Dear Your Teen:
Our 8th grade son seems to have given up on doing any of his school assignments and studying for tests. His grades are suffering immensely. He believes school is ridiculous and he doesn’t need to learn the information. We have explained at great length that what he is learning and the skills he’s developing now build on the next quarter/semester/grade lessons.
It breaks our hearts to hear him say he is not smart enough, so there’s a lack of self esteem too. He’s a wonderful kid…smart, trustworthy, funny, and kind are just a handful of ways to describe him. We have been having this struggle since beginning middle school (3 years) but this year has been worse. We have been to parent-teacher conferences where his teachers seem frustrated too. We no longer know where to turn for help motivating our son and getting him to believe in himself. Thank you in advance for any advice you’re able to give for how parents can help underachieving students.
Ideas to Help Underachieving Students
It sounds like your son has adopted a fixed mindset and is unable to view himself from a growth mindset perspective (e.g., “I can’t” vs. “I can’t, yet”; “I always make mistakes” vs. “Mistakes help me improve”). This concept comes from the work of psychologist Carol Dweck and her groundbreaking book, Mindset: The New Psychology of Success. Here’s a quick overview: A student with a fixed mindset believes his abilities are set and cannot be changed (“I am not smart”). When that student encounters material he does not readily comprehend, it reinforces (for that student) the idea that he is not smart and he simply gives up. This can lead to underachievement at school.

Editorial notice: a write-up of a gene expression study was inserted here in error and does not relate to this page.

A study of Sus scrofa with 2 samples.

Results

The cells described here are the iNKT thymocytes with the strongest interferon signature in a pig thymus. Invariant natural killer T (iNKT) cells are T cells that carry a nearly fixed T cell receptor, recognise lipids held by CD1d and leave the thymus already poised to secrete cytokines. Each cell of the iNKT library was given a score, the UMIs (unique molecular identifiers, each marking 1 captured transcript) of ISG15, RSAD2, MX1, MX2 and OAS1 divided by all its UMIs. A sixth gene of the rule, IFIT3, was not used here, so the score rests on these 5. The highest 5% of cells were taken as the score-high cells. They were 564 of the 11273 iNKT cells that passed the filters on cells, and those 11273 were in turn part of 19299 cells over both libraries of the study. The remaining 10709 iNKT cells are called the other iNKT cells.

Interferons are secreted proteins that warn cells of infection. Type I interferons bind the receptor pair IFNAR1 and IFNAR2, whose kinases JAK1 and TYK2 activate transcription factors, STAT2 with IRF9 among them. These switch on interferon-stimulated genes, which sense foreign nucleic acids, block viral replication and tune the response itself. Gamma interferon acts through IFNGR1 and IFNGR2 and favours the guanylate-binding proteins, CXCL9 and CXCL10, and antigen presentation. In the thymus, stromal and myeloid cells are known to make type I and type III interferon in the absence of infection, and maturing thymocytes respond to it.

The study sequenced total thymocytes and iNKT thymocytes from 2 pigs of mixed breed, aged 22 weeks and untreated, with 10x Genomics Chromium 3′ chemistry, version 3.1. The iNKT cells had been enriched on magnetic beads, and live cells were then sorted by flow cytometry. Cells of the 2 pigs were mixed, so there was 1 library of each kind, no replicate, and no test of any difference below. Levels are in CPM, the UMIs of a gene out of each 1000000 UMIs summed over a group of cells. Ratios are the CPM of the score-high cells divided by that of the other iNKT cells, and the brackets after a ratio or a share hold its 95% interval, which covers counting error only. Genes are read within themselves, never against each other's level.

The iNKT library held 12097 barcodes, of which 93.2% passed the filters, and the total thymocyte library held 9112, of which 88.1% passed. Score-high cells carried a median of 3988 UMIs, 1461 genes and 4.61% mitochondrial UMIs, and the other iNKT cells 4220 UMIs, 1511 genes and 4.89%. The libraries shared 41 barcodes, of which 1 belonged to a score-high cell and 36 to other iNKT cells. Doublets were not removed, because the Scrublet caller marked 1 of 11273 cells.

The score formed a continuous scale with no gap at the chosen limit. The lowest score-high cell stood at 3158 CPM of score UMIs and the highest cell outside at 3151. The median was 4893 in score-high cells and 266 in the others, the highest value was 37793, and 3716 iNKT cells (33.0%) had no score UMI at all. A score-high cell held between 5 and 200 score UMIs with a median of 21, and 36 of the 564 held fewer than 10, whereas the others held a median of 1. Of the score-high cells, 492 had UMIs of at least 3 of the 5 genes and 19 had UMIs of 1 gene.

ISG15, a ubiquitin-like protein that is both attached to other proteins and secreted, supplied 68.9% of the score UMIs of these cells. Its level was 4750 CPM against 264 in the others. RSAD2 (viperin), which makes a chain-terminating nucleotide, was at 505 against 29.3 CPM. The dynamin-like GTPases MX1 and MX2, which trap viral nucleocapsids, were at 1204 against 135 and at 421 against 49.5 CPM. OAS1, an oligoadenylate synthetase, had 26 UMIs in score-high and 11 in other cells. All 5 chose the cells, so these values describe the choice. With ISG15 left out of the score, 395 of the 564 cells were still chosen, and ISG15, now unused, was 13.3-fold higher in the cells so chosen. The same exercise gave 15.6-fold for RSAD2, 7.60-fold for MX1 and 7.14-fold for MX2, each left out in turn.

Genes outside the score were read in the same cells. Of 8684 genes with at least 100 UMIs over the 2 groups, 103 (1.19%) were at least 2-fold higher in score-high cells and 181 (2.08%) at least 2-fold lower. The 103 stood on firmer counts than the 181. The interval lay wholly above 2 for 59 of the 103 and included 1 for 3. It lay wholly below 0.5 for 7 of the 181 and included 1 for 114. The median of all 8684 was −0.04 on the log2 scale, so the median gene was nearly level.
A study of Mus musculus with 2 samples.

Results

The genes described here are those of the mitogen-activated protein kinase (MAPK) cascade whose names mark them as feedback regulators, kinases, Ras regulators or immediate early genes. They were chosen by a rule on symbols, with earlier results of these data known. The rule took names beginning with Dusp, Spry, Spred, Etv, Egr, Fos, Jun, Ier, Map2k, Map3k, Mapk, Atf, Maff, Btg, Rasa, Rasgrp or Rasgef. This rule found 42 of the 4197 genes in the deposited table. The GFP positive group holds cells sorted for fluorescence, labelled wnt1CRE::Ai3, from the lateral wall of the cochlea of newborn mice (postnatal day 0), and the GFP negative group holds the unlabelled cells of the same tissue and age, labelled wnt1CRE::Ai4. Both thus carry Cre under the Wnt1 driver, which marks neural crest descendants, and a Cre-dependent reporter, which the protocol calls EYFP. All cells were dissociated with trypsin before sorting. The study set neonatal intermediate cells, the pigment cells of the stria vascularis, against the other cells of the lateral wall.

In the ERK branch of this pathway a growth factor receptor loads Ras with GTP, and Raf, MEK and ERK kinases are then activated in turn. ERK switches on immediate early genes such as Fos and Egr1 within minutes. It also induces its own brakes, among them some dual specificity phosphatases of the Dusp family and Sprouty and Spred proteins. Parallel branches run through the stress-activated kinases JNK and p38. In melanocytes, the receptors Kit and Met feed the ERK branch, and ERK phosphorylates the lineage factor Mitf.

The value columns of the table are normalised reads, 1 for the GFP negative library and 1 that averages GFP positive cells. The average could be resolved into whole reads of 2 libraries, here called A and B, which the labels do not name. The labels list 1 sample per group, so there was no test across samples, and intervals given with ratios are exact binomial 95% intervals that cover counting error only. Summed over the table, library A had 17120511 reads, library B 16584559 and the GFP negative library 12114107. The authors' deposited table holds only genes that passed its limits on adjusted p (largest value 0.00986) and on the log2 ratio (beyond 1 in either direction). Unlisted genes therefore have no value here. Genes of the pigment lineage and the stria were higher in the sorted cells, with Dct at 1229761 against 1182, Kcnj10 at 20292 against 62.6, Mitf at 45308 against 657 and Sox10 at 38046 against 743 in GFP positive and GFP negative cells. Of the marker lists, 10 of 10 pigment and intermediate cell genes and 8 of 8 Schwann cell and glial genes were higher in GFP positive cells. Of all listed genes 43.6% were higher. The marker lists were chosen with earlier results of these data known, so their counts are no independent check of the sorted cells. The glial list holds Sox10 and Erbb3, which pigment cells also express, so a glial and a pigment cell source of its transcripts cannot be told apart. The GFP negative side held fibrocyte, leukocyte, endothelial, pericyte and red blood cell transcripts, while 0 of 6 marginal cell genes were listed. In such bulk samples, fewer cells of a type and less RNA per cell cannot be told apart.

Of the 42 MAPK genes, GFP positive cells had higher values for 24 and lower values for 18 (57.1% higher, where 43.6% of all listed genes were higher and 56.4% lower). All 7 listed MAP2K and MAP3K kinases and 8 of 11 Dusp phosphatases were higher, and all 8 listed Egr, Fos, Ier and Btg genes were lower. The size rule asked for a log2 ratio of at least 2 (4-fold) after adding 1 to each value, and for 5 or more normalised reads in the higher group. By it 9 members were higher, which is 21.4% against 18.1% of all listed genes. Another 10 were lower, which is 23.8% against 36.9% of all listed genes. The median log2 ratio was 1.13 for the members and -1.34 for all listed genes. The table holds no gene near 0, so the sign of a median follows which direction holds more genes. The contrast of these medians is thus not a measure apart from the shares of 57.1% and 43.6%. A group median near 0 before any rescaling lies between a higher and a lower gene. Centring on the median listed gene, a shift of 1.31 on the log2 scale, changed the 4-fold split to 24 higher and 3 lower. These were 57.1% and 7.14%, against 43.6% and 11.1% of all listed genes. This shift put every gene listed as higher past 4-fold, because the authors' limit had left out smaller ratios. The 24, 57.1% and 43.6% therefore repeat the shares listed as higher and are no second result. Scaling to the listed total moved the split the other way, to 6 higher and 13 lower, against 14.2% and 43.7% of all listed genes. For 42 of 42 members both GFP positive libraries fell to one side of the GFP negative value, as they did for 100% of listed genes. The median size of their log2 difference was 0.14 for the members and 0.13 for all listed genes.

By comparison, a student with a growth mindset believes that by making an effort, he can learn the material. There are steps parents can take to help cultivate a growth mindset in their teenaegrs. In addition to Dweck’s book, two others that can help are The Grit Guide for Teens: A Workbook to Help You Build Perseverance, Self-Control, and a Growth Mindset by Caren Baruch-Feldman PhD and Mindsets for Parents: Strategies to Encourage Growth Mindsets in Kids by Margaret Lee & Mary Cay Ricci
Oftentimes, children and adolescents who have experienced multiple setbacks in their academics can find it hard to stay motivated and believe in their possible successes—sometimes referred to as a self-fulfilling prophecy. The use of Cognitive Behavioral Therapy is a great place to start with your son in order to challenge his negative thoughts about himself and learn to create new patterns of thinking and doing. Research your local outpatient therapy partners to find a therapist who is well versed in CBT counseling.
Overall, the use of an individual therapist is recommended to help underachieving teenagers like your son identify distortions in their thinking and adopt healthier cognitive patterns to make changes in their approach to learning. Reach out to your son’s school counselor to see what he/she has to offer in regards to emotional support in the school setting and reaching his academic goals.
Lastly, sometimes underachieving students can have undiagnosed learning issues. In order to rule out any learning differences, reach out to your son’s school or local partners who can provide a comprehensive learning evaluation. They can also assess for other neurological factors that may be contributing to his challenges with academics (e.g., ADHD).
Katie M. DiNardo, MA, LPC, NCC, is a pediatric behavioral health counselor at Cleveland Clinic Children’s, Center for Pediatric Behavioral Health.